It appears many employees abide by the belief that a little white lie never hurt anyone, from embellishing how often they contact their clients to failing to say anything when others' ideas just aren't going to work.
Workplace experts spell out the extent to which employees lie or withhold information from their supervisors on a regular basis:
1. Good ideas
Kathi Elster, an executive coach and president of the management consulting firm K Squared Enterprises, said employees will often tell their bosses that they came up with a great idea for an upcoming project, when the idea actually came straight from a coworker.
"Many people take credit for someone else's ideas," Elster told BusinessNewsDaily. "They think nothing of it and just hope the person with the idea does not find out."
2. They hate their bosses
Employees are not likely to tell management that they don't like their boss or that they think their boss is a jerk, according to Asher Adelman, founder and CEO of eBossWatch.
But holding these thoughts in can have a destructive effect on the entire organization, Adelman said.
"This often has a negative impact on employee turnover rates as well as employees' levels of engagement, motivation and creativity," Adelman said.
3. Cold calls
Employees in sales regularly lie about the number of potential customers that they reach out to, said Leslye Schumacher, a talent analyst and management consultant for TalentQ.
"Rarely do sales managers have the time to actually double back and check if a particular company was contacted," Schumacher said. "I've had many salespeople refer to filling out call sheets as their 'creative writing assignments.'"
4. Looking for a job
Greg Szymanski, human resources expert with Geonerco Management, said workers often conceal the truth when asked if any of their coworkers are looking for new jobs.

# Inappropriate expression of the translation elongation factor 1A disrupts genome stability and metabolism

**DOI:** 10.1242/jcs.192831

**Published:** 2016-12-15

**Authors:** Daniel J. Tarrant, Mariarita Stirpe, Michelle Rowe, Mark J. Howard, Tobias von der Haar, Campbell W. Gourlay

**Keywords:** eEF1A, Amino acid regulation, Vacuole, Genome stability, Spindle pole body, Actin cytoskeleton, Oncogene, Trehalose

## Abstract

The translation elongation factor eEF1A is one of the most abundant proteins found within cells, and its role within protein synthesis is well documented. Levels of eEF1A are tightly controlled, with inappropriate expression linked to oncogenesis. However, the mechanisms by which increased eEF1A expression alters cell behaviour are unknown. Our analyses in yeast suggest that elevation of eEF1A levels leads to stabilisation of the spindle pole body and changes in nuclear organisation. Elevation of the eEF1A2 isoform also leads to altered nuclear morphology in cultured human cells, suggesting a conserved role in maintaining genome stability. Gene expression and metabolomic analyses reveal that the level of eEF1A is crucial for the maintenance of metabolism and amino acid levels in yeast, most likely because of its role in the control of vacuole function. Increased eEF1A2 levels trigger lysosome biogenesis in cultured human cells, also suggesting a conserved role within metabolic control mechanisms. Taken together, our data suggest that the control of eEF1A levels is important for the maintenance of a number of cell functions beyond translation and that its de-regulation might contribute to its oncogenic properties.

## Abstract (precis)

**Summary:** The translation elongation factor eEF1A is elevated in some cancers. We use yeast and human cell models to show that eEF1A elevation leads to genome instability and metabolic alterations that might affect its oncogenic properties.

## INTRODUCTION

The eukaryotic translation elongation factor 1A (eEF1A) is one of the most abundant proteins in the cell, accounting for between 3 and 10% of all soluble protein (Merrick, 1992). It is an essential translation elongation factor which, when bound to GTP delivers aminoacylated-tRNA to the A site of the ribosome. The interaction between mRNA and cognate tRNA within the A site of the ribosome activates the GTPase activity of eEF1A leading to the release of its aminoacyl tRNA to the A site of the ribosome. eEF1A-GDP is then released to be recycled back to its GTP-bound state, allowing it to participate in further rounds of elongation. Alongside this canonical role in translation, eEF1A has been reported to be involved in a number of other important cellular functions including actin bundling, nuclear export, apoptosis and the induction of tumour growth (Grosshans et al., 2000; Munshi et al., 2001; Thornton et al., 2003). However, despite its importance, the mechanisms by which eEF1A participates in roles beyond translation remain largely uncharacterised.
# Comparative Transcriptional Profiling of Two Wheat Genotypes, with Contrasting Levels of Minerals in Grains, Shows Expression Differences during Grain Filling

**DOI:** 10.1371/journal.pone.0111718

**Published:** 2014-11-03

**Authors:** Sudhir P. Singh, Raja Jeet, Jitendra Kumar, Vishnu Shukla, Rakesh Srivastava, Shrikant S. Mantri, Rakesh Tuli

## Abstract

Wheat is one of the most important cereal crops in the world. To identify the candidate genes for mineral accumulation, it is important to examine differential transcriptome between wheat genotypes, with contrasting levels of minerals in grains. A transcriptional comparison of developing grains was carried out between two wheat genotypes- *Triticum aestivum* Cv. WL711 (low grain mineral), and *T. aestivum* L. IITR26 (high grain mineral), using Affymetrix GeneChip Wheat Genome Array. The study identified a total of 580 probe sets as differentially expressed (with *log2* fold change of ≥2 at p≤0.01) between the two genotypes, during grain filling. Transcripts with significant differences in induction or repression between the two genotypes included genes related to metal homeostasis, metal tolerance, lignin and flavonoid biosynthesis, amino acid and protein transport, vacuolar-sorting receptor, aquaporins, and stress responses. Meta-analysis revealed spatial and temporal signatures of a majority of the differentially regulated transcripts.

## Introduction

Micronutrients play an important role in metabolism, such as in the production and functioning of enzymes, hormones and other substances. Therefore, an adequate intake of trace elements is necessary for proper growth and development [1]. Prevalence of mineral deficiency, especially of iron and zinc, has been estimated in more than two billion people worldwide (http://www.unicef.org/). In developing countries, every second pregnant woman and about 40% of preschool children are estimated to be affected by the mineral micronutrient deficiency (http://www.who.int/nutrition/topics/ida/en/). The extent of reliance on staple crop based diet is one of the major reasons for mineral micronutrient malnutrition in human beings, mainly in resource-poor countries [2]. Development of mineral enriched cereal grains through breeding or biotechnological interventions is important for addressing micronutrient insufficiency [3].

5. Bad ideas
Vivian Scott, mediation expert and author of the 2009 edition of "Conflict Resolution at Work For Dummies," says many employees are afraid to tell their bosses that one of their ideas simply isn't good.
"Many people are so afraid of rocking the boat, they put the entire ship at risk," Scott says. "I think most people feel they don't have the skills to convey a message like that, so instead they say nothing."
6. Manager's personal stories
Many workers will put on a false front that makes them seem interested in their boss' personal life, according to Diane Gottsman, an etiquette expert and owner of The Protocol School of Texas.
"Your employee will lie to you and tell you it's okay for you to vent, but really they are extremely uncomfortable and wish you would find a new friend," Gottsman said. "While you may feel comfortable sharing personal information with an employee, such as results from your latest doctor's visit or how your mother-in-laws drives you nuts with her idiosyncrasies, it's stepping over the line and blurring professional boundaries."
Andy Satter, founder and CEO of the consulting firm Andrew Satter & Associates, Inc., said employees often lie about wanting to volunteer for special committees or task forces. While these workers may step up to the task with a smile in the end, they're likely feeling differently inside.
"The translation is, 'When can I possibly do this, because I'm already working a 60-plus hour work week?'" Satter said.